Contract: 7H by south. West leads the SK. Plan the play.
Bidding explanation: South's 3H was forcing to game. When north raised, south showed slam interest with his cue-bid because of his first round control in spades. North applied RKC and finding that his partner had two key-cards with the trump queen, bid the grand, hoping that the running diamond suit would provide the necessary discards for declarer's losers. Surprisingly, the grand slam was reached in almost all the tables.
How the play went: Winning the opening lead with the ace, more than half the declarers removed trumps, and cashed the DJ. When west showed out on the first diamond, the roof came down crashing on them. Declarers crossed to dummy in club ace, cashed the three winner diamonds...but had to lose a club at the end. The other declarers tried to unblock the DJ at trick two. West ruffed and cashed a spade to beat the contract by two tricks. The complete hands are:
Correct play: Though a 5-0 break occurs only about 4 percent of the time, declarer should provide for such a contingency and see if there is anything that can be done about it, to improve the chances of success. The correct play is to cash just two high trumps in the closed hand before unblocking the DJ. Declarer crosses to the trump ace next, and ruffs a diamond to set up the suit. The club ace provides the entry to dummy to enjoy the diamonds.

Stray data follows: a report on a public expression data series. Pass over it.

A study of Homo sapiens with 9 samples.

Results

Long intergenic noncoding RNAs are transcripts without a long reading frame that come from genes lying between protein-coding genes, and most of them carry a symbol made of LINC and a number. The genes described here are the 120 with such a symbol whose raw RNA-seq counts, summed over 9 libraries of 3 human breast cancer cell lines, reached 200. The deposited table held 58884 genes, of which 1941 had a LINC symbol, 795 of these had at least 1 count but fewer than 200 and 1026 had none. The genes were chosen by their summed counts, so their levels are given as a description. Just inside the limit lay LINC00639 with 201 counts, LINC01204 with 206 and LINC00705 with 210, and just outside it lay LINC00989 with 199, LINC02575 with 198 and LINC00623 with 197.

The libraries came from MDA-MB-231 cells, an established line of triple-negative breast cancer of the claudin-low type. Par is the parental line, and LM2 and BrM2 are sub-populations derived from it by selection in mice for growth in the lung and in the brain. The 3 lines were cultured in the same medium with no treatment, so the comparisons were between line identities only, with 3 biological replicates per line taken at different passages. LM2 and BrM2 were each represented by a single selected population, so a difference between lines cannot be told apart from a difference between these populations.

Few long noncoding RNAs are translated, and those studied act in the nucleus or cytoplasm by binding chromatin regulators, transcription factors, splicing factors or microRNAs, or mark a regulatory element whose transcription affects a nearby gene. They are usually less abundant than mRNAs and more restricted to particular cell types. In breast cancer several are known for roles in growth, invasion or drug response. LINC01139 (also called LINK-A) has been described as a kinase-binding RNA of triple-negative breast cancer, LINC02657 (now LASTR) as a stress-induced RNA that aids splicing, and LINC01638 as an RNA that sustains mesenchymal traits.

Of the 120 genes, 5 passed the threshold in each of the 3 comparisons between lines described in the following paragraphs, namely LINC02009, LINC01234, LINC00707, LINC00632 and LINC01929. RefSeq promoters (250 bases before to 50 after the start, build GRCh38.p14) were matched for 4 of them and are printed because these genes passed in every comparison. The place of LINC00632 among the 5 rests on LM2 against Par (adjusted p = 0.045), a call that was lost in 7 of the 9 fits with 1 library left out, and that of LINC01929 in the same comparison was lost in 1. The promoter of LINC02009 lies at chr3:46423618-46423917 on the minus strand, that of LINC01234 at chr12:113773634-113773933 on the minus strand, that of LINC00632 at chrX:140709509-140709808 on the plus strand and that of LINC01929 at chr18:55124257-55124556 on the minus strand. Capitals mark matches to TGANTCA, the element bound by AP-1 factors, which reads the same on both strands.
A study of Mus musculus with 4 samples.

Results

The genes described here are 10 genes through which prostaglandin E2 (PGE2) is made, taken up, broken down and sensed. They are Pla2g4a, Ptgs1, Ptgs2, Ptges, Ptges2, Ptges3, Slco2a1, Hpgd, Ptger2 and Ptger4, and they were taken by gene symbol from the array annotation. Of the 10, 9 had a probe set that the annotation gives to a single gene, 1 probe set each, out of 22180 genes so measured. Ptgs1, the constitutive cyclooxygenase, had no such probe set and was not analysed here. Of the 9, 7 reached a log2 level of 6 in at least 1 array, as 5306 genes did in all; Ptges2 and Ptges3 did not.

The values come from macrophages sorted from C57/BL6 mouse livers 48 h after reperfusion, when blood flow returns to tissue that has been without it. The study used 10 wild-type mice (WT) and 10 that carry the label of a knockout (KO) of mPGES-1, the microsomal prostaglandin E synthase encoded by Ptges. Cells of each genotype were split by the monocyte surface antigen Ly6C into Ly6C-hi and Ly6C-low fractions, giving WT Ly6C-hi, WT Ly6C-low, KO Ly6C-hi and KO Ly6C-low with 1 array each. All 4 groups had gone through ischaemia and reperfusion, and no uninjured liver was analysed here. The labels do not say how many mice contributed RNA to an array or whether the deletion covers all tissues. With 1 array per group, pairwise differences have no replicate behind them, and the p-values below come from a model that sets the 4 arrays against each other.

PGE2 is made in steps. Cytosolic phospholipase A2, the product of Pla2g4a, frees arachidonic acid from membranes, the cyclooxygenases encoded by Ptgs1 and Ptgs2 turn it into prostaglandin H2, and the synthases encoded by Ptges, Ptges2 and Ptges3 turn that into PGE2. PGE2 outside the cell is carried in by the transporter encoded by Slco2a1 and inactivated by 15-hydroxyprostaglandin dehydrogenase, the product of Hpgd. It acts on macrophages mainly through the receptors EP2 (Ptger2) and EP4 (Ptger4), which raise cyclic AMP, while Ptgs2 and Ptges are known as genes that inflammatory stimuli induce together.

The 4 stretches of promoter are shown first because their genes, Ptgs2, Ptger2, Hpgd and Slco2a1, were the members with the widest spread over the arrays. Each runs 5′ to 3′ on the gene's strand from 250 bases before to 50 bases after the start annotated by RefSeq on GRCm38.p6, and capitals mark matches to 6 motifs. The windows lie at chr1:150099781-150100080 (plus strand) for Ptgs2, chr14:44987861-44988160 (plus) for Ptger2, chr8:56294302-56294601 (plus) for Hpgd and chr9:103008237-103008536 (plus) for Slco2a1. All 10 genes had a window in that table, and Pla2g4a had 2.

Discussion: If diamonds are 3-2 or even 4-1, the hand poses no problem...but if it is 5-0, declarer prevails when the above fortunate distribution exists. The theme of the deal can best be described as ‘The hand that has length in trumps has length in the side suit as well.' This is a recurring theme but often missed during play. This extra precaution is definitely worth remembering!
It is on hands like these that the experts often display their class, for they can come up with that extra ‘something', which the average players do not recognise exists.
What a weak-two? You may ask. I fully agree with you. It doesn't pay to open with a weak-two when you have a useful side suit of four or more cards, for you can miss out on a fit in the side suit. Also, these indisciplined bids will only propel the opponents to their right contract, which they can never dream of reaching otherwise.
It would be better to pass initially with the west hand and get back into the auction later with an unusual 2NT, should the opponents bid the red suits.